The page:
BA CEC Graduate receives top marks for dissertation
A recent graduate from the BA Childhood, Education and Culture course has been commended on her dissertation by tutor Mary Chambers for being one of the best dissertations she has ever read.
The dissertation, submitted by Jane Reas, explored the understanding of interracial difference by primary age children from an all-white rural village school. The children involved were chosen randomly from students aged between 5-9 years – reception through to year 5.
Jane explained, "Part of my research included asking participants to look at a set of 11 photographs of different children and choose an image of a child who they would like to play with or be friends with - all chose images of white children. Asked to choose a child they would not like to play with or be friends with, almost half the sample chose black or Chinese children with 9 of the 14 choosing the image of the same black boy. None, however, gave colour as a reason why, but neither was there a recurring or consistent reason for their choices."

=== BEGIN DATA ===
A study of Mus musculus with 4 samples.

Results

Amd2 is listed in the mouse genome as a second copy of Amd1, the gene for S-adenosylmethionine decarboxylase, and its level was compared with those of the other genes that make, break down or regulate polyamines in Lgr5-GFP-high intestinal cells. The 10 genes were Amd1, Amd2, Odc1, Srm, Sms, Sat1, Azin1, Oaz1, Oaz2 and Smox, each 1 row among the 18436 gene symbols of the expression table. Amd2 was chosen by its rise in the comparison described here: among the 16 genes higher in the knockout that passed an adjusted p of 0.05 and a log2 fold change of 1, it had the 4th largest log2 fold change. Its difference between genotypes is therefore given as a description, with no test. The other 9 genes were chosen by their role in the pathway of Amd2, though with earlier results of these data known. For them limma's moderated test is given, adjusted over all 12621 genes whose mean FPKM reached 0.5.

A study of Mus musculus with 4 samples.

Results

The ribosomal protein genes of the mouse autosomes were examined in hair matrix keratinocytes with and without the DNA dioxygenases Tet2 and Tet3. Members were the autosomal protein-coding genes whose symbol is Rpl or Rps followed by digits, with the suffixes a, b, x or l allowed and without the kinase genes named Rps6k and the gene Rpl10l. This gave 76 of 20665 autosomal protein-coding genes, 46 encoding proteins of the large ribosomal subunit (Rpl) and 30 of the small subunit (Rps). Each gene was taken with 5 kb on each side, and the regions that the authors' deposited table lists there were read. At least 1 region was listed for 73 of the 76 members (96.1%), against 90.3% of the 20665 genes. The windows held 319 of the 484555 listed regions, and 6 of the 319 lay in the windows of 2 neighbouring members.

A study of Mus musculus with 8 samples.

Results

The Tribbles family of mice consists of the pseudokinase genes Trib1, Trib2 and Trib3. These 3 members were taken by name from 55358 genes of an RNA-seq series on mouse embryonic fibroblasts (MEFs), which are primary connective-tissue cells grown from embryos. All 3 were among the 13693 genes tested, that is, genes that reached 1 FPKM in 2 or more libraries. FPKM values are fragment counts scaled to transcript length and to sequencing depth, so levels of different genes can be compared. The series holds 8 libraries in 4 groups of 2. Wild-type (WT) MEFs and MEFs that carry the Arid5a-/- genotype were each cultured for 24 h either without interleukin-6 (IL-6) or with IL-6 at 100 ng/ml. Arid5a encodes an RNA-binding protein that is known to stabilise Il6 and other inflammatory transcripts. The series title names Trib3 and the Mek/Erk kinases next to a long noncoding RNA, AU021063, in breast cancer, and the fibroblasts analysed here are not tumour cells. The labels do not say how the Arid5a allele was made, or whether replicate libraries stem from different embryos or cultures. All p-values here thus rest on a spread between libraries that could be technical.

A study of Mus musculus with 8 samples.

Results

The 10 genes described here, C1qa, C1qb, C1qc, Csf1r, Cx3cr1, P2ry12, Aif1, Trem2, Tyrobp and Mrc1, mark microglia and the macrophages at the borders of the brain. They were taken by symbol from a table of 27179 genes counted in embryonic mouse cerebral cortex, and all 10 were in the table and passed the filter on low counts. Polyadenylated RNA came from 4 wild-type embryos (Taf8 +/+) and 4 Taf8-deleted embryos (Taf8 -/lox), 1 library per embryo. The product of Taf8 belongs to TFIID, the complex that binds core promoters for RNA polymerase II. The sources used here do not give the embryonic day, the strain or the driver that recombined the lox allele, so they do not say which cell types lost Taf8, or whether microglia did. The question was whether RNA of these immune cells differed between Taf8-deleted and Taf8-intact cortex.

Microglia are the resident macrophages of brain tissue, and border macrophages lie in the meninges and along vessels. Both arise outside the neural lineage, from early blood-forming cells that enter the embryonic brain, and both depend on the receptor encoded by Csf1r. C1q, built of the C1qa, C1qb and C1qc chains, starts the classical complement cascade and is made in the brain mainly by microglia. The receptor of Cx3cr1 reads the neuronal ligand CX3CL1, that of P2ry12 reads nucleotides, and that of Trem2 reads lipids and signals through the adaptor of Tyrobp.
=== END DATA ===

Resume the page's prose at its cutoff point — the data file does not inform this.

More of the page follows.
Jane found that worrying attitudes towards people of other races did appear to exist in even very young children adding, “Today’s children are tomorrow’s adults and as research has shown, interracial awareness begins at a very early age. Milner argues that “attitudes are made, not born” (Milner, 1983) and my small study appeared to reveal that some uncomfortable attitudes are being ‘made’ by very young white children in rural environments.”
Jane now plans to continue her interest in the broad area of ‘childhood’ and has applied to follow the MA in Social Research at Leeds with a view to PhD studies.